Newsletter of the Association for the Study of Language In Prehistory
Issue 26 · Spring 1996
Finnish Roots Differ from Lapps?
(Source: Thanks to Paul Benedict for sending this to me)
A certain willingness to distance themselves from Lapps has been observed in the Finns. Yet linguists keep lumping them together as Finno-Ugrians. Their manifest physical differences are usually explained by contacts with I-E speakers leading to the obviously European Finns.
DISCOVER magazine in its May 1996 issue, under 'Ethnography' entitled "Saami I Am Not", reports two biogeneticists, Antti Sajantila and Svante Pääbo, have found that "Finns are more likely to share identical 'microsatellites' -- repetitive DNA sequences -- with other Europeans than with the Saami (Lapps). Meanwhile, more than a third of the Saami in the study group carried three specific genetic 'motifs' that were found in only 1 in 50 Finns and in none of the other Europeans studied."
Instead of making the more ordinary assumption that "more recent European immigrants who mixed with an ancient populace of eastern origin", they think that "a better interpretation of the genetic evidence is that Finns colonized the land from the south some 2,000 to 4,000 years ago, adopting a proto-Saami tongue in the process."
And why would (civilized) Finns adopt the language of nomadic herders they had already pushed up into the Arctic? Well, "Sajantila points out that the Finns, who now outnumber the Saami by 100 to 1, may not always have been in the majority. In fact, studies of genetic diseases unique to the Finns indicate that at some point they went through a squeeze in numbers that, when the population later began to expand, resulted in the spread of rare, mutant genes. If this bottleneck occurred during their colonization of eastern Scandinavia, then the Finns might once have lived as a minority among the Saami."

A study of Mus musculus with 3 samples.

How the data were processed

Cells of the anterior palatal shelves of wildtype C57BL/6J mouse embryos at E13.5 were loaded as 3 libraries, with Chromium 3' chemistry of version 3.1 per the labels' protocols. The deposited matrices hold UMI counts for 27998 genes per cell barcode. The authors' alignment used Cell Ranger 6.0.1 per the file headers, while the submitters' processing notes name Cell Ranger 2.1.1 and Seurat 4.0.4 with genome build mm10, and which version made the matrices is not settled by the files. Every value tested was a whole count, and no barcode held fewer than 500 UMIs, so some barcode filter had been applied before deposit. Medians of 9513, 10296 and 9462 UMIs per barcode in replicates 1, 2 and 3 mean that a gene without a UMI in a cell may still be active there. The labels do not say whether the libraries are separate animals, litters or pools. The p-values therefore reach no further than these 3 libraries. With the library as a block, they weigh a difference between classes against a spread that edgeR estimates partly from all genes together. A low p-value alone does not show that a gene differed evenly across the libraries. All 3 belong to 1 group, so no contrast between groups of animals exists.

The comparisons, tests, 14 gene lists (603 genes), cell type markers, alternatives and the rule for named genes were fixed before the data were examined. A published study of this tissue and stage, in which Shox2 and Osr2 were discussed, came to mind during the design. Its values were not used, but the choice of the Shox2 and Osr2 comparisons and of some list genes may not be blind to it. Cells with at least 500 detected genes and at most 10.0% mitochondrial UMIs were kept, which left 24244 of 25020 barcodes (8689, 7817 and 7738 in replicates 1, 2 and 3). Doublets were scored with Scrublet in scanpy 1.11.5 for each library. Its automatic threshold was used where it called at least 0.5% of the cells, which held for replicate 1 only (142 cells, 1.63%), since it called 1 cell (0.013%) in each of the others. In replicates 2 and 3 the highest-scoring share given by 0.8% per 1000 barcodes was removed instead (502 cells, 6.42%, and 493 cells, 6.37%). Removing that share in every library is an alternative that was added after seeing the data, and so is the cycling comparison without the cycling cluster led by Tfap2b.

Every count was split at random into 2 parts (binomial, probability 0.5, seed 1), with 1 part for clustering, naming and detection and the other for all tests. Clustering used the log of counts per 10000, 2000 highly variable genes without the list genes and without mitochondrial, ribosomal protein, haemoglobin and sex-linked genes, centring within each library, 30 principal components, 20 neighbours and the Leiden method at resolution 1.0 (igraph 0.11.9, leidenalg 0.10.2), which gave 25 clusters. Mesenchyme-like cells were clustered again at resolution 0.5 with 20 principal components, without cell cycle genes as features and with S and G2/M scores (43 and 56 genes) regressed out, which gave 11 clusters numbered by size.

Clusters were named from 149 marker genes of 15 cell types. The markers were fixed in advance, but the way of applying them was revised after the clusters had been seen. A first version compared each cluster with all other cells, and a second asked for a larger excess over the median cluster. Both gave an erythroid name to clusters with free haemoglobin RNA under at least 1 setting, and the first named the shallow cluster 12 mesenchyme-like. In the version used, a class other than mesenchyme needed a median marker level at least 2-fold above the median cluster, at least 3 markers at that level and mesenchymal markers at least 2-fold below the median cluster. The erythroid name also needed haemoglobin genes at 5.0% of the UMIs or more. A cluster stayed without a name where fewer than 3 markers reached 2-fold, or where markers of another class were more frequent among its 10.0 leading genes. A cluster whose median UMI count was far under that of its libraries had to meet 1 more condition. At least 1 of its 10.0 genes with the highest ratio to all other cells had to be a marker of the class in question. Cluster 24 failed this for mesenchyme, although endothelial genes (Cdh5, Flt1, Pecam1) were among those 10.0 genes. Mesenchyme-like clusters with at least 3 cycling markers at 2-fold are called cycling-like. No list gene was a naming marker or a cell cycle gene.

"We know from history that the Finns have been pushing the Saami northward ... so it seems that the Finns were more powerful. But if it's true that the Finns have changed their language and obtained it from the Saami, it shows that the power game was not necessarily so simple or that the Saami were always the underdogs."
Well, Americans always cheer for the underdog, but I really like the Finns, so let us cheer for the truth. What is it in this matter? From over here the bias of the two Finns is breathtaking, while their moral support of the Saami is laudable.
The notion that the Finns are really Europeans but the Saami are not is quaint. Bodies are more basic than languages? This kind of assumption used to plague Omotic studies too. There, since so many Somotic speakers look more like central Africans than most Ethiopians do, European scholars were wont to believe that Somotic was Nilo-Saharan or such but surely not Afrasian. We got the same resistance about Chadic. Or how to explain the tall handsome 'Hamitic' Fulani speaking a Niger-Congo language.
Are north Russia and Scandinavia parts of Europe or not? Is Finnic not full of borrowings from Germanic, Baltic and Slavic? Have the Finns and Estonians not waged war and peace with Lithuanians, Swedes, and Russians for many centuries? Is much of southwestern Finland not still full of Swedes? Why do we need a migration from the south anyway? Twas gene flow, mes amis! Sexual folk contact.
Is Suomi (Finland) cognate with Saami (Lapp)? A spurious cognate? Methinks biogeneticists are starting to use 'bottleneck' as a deus ex machina, as a convenient device to explain things they cannot explain in normal terms. Shouldn't there be some rules for invoking this business of bottlenecks?